Electric car buyers said they’re purchasing solar panels to support their new, electricity-intensive driving habits.

The first in the most recent wave of plug-in electric cars rolled out last year in San Diego County, an all-electric vehicle from Nissan, followed a month later by Chevy’s mostly electric Volt.

While there’s no hard data for Volt owners, 40 percent of Leaf owners have solar panels, according to the California Center for Sustainable Energy, a San Diego nonprofit. Owners reached by the North County Times said they decided on solar panels at the same time they decided on electric cars, both to reduce their contributions to global warming and to offset the extra electricity they’d have to buy for their new vehicles.

“We wanted to go electric because it’s green and all that,” said Rosa Enriquez, a teacher with the Vista Unified School District. “But we went solar also because our electric bills were so high —- hundreds and hundreds of dollars.”

For customers like Enriquez, the “going green” element comes from the reduction in greenhouse-gas production that comes with emissions-free solar power, which then is used to run an electric car, itself an improvement on gasoline-burners in terms of greenhouse impact.

“When a person goes solar and buys an electric car, they essentially have their own gas station on their roof,” said Daniel Sullivan, founder of Sullivan Solar Power in San Diego.

Many owners also said they’d come out ahead financially, thanks to the way California utilities bill for power.

The price of electricity in California escalates as customers’ consumption passes usage plateaus. Owning an electric car not only adds to total usage, but it also puts more customers into the most expensive tiers of electricity.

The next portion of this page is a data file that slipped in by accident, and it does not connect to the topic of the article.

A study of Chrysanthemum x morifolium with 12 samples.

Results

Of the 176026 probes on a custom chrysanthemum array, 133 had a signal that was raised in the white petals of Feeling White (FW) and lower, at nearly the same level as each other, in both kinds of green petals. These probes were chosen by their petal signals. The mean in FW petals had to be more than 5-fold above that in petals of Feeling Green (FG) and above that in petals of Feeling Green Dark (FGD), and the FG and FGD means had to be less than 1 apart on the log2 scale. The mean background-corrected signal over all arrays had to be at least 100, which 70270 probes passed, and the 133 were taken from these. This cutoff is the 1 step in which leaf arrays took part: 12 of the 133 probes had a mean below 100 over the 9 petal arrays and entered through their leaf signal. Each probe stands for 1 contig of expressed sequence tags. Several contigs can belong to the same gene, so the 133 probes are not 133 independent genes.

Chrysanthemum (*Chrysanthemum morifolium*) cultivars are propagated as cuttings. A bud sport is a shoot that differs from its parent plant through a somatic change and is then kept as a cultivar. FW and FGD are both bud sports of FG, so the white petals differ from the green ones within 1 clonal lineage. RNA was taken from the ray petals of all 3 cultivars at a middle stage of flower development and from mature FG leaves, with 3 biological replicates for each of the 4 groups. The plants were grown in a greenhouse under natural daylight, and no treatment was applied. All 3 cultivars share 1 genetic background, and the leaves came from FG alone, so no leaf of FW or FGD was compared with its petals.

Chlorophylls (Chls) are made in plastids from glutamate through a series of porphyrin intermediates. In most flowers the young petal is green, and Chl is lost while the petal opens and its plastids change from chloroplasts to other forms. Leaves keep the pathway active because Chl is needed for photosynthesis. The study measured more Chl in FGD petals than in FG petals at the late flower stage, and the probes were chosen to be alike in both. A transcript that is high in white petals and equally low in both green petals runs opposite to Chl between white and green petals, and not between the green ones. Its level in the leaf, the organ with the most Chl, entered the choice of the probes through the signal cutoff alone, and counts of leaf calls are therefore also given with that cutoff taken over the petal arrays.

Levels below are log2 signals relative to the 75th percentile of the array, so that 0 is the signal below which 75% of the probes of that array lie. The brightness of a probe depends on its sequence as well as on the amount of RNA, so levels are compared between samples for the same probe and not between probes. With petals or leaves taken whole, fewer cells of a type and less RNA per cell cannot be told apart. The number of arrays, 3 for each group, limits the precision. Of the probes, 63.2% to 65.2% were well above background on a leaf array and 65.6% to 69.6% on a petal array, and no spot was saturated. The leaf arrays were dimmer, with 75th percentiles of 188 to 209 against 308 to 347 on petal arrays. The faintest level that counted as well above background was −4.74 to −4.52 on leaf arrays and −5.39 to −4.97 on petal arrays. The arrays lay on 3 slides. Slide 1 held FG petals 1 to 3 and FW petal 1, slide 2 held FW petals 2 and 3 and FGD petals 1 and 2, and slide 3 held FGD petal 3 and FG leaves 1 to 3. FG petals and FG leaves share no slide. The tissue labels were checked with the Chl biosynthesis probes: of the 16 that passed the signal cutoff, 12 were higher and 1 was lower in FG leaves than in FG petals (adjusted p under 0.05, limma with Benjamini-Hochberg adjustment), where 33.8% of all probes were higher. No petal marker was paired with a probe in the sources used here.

Using solar panels to generate electricity and pump it back into the grid allows customers to reduce their usage, and to pay a lower rate for the power they use, lowering their bills.

San Diego Gas & Electric Co. would prefer car owners use an alternate billing system in which the owners pay for power priced on when it’s used. Electricity used in the middle of the day, when it’s most needed in offices and factories, costs the most, while power at night is the cheapest, said SDG&E spokesman Art Larson.

Customers have the option of putting their whole house, including the solarpower generation, into a time-of-use billing system. Their solar panels would produce power in the mid-afternoon, when the sun is brightest and electricity the most expensive, and they would, SDG&E hopes, charge their cars at night, when electricity is cheapest, Larson said.

SDG&E is working with another company called Ecotality Inc. to test three different pricing schemes that make the daytime-nighttime contrast more or less extreme.

Electric car owners can also choose a hybrid scheme in which they install a second meter specifically for time-of-use billing for their electric vehicles, while the house would remain on the traditional tier system.

Installing a meter and charger can be expensive, as much as $3,500 total, plus another $1,000 for a charger, according to Mark Ferry, transportation program manager for the Center for Sustainable Energy. In San Diego, a thousand customers are participating in a federally funded program that pays all of those expenses.